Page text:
I’ve talked about yoshoku (a dish that is a Japanese take on a Western dish) before, and the Japanese gratin is a great example of this. Gratin originated in French cuisine and is any dish that is topped with cheese or breadcrumbs, mixed with bits of butter, then heated in an oven or under the broiler to form a golden crispy crust on top. The most common Japanese gratin is one made with macaroni, chicken and vegetables in a white sauce with cheese on top, though my favorite is made with shrimp instead of chicken. I recently whipped up a batch, but used my new favorite secret weapon: shoyu koji.
Since falling in love with shio koji (the popular Japanese seasoning made of fermented rice koji, salt and water), I’ve also fallen in love with shoyu koji, which is made with soy sauce instead of salt and water. (Mitsuwa is where I purchase my shoyu koji.) Soy sauce is a fermented food, so shoyu koji is a doubly fermented live food, giving you an extra punch of umami and all of those healthy enzymes.
In this gratin, I added some shoyu koji to the pasta cooking water so that I could infuse some of that umami kick into the pasta itself. I also added a bit to the white sauce (bechamel), to accentuate the flavors of the milk in the sauce, and the layer of cheese on top of the gratin.
Creamy white sauce tossed with sauteed juicy shrimp, leeks, crimini mushrooms, and macaroni noodles, with a layer of melted cheese and minced parsley on top . . . what’s not to love? We ate our gratin outside, enjoying the cooler temperatures of the evening (it’s already pretty scorching hot here in Southern California).
This is a great dish to serve as we transition from to Spring into Summer, as it’s warm and comforting without being heavy. Grab yourself a jar of shoyu koji while you’re at it, so you can start adding umami blasters to your cooking.
Shoyu Koji Shrimp Macaroni Gratin
Makes 6 to 8 servings
For the white sauce (bechamel):
1/4 cup (4 tablespoons) butter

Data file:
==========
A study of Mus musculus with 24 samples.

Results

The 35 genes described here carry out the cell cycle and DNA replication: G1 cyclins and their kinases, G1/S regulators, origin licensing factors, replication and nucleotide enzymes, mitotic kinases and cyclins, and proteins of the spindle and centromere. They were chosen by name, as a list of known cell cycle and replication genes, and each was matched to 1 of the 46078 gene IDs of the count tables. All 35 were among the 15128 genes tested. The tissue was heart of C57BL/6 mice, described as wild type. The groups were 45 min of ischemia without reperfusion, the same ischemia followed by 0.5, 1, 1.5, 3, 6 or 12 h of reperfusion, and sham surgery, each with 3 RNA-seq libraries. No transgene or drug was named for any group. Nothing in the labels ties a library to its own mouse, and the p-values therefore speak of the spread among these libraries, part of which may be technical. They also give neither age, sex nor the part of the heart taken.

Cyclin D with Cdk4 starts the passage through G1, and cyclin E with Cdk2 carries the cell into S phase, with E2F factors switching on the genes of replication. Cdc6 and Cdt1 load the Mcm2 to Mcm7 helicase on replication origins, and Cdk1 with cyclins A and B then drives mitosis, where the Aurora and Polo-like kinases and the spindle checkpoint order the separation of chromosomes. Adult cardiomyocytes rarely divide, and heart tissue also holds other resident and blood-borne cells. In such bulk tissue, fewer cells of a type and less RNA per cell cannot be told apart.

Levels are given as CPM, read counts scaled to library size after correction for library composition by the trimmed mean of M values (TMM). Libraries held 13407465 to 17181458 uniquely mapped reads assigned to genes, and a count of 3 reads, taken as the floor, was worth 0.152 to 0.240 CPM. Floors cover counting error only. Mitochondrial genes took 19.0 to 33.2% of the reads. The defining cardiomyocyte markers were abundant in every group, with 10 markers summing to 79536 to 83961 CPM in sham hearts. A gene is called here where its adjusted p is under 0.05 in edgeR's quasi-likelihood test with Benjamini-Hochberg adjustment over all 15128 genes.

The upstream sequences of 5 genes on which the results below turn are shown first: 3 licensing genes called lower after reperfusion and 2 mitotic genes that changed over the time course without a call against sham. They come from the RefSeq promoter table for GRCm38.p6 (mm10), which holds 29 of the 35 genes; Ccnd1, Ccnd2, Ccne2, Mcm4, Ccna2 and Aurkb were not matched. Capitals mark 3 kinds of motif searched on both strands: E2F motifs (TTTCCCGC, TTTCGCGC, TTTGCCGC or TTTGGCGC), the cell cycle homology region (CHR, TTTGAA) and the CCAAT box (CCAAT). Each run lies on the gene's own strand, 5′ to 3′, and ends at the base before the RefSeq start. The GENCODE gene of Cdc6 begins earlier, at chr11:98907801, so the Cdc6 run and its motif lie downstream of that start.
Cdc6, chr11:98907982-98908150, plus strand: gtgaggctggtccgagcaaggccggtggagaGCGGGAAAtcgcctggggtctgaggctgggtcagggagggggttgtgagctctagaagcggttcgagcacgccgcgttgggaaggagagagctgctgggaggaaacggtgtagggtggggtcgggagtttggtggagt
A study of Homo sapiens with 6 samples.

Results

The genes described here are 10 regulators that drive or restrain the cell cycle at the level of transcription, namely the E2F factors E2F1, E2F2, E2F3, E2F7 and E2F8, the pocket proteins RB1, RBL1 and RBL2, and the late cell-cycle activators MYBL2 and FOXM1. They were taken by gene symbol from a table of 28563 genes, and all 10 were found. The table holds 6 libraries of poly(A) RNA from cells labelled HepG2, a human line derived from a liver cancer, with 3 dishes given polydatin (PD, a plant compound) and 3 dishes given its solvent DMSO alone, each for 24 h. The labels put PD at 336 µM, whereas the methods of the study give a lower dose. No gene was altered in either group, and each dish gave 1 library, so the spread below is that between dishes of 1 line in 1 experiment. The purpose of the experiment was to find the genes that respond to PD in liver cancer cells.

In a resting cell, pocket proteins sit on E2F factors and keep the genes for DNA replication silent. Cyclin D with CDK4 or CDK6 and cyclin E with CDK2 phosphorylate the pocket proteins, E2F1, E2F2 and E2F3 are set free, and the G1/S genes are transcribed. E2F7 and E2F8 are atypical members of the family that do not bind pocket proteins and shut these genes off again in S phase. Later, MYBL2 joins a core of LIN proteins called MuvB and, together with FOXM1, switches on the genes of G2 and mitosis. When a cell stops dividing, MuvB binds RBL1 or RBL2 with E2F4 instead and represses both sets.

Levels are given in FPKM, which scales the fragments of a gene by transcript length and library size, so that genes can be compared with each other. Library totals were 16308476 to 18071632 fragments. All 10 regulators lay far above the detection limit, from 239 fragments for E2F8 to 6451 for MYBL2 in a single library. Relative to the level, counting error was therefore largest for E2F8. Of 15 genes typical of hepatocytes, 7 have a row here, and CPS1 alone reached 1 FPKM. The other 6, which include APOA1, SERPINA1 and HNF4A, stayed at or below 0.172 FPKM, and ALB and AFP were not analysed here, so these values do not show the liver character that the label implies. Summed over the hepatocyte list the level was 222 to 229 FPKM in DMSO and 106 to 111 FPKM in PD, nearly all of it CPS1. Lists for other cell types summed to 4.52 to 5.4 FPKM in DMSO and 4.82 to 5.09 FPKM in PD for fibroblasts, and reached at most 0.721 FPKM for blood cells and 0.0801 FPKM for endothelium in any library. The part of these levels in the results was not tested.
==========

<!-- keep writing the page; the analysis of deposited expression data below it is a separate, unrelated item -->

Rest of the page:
1/4 cup all-purpose flour
2 1/2 cups milk, heated
2 tablespoons shoyu koji (or 1 tablespoon of fine grain sea salt)
1 teaspoon freshly ground black pepper
1/4 cup shoyu koji (or 2 tablespoons of fine grain sea salt)
8 ounces dried elbow (macaroni) noodles
4 teaspoons olive oil
12 ounces peeled and deveined medium raw shrimp
2 medium-size leeks, thinly sliced
8 ounces crimini mushrooms, thinly sliced
1 teaspoon freshly ground black pepper
1 1/2 cups milk
1 1/3 cups (5.65 ounces) shredded mozzarella cheese (substitute shredded Jarlsberg cheese for more nutty flavor)
2 tablespoons minced parsley
1. Make the white sauce: Melt the butter in a heavy saucepan over medium heat. Whisk in the flour and cook, stirring constantly, until the paste cooks and bubbles, making sure not to let it brown (about 2 minutes). Slowly whisk in the hot milk, continuing to whisk as the sauce thickens. Bring it to a boil. Add the shoyu koji (or salt) and pepper, lower the heat to medium-low, and cook, whisking for 2 to 3 minutes more. Remove the saucepan from the heat and cover the surface with a sheet of plastic wrap (to prevent a skin from forming on the surface). Set aside.
2. Preheat the oven to 425 degrees Fahrenheit.
3. Prepare the elbow noodles: Fill a pot with 8 cups of water. Bring to a boil and add the shoyu koji and elbow noodles. Cook the noodles to al dente for the length of time designated on the package. Drain the noodles and set aside.
4. Prepare the gratin: Heat the olive oil in a large fry pan or saute pan over medium-high heat. Add the shrimp, leeks, and mushrooms and stir fry them until tender. Add the macaroni and ground pepper and toss to combine.
5. Whisk the white sauce and milk together, then add to the macaroni mixture and toss to combine.
6. Pour the mixture into a 13×9-inch casserole dish and sprinkle the shredded mozzarella cheese and minced parsley evenly over the top. Bake in the preheated oven until the cheese has melted and is starting to brown, about 15 to 20 minutes.
* Shrimp sustainability note: There are lots of issues surrounding the sustainability of shrimp, so choose wisely! I always check the current recommendations from the Monterey Bay Aquarium’s Seafood Watch program before buying.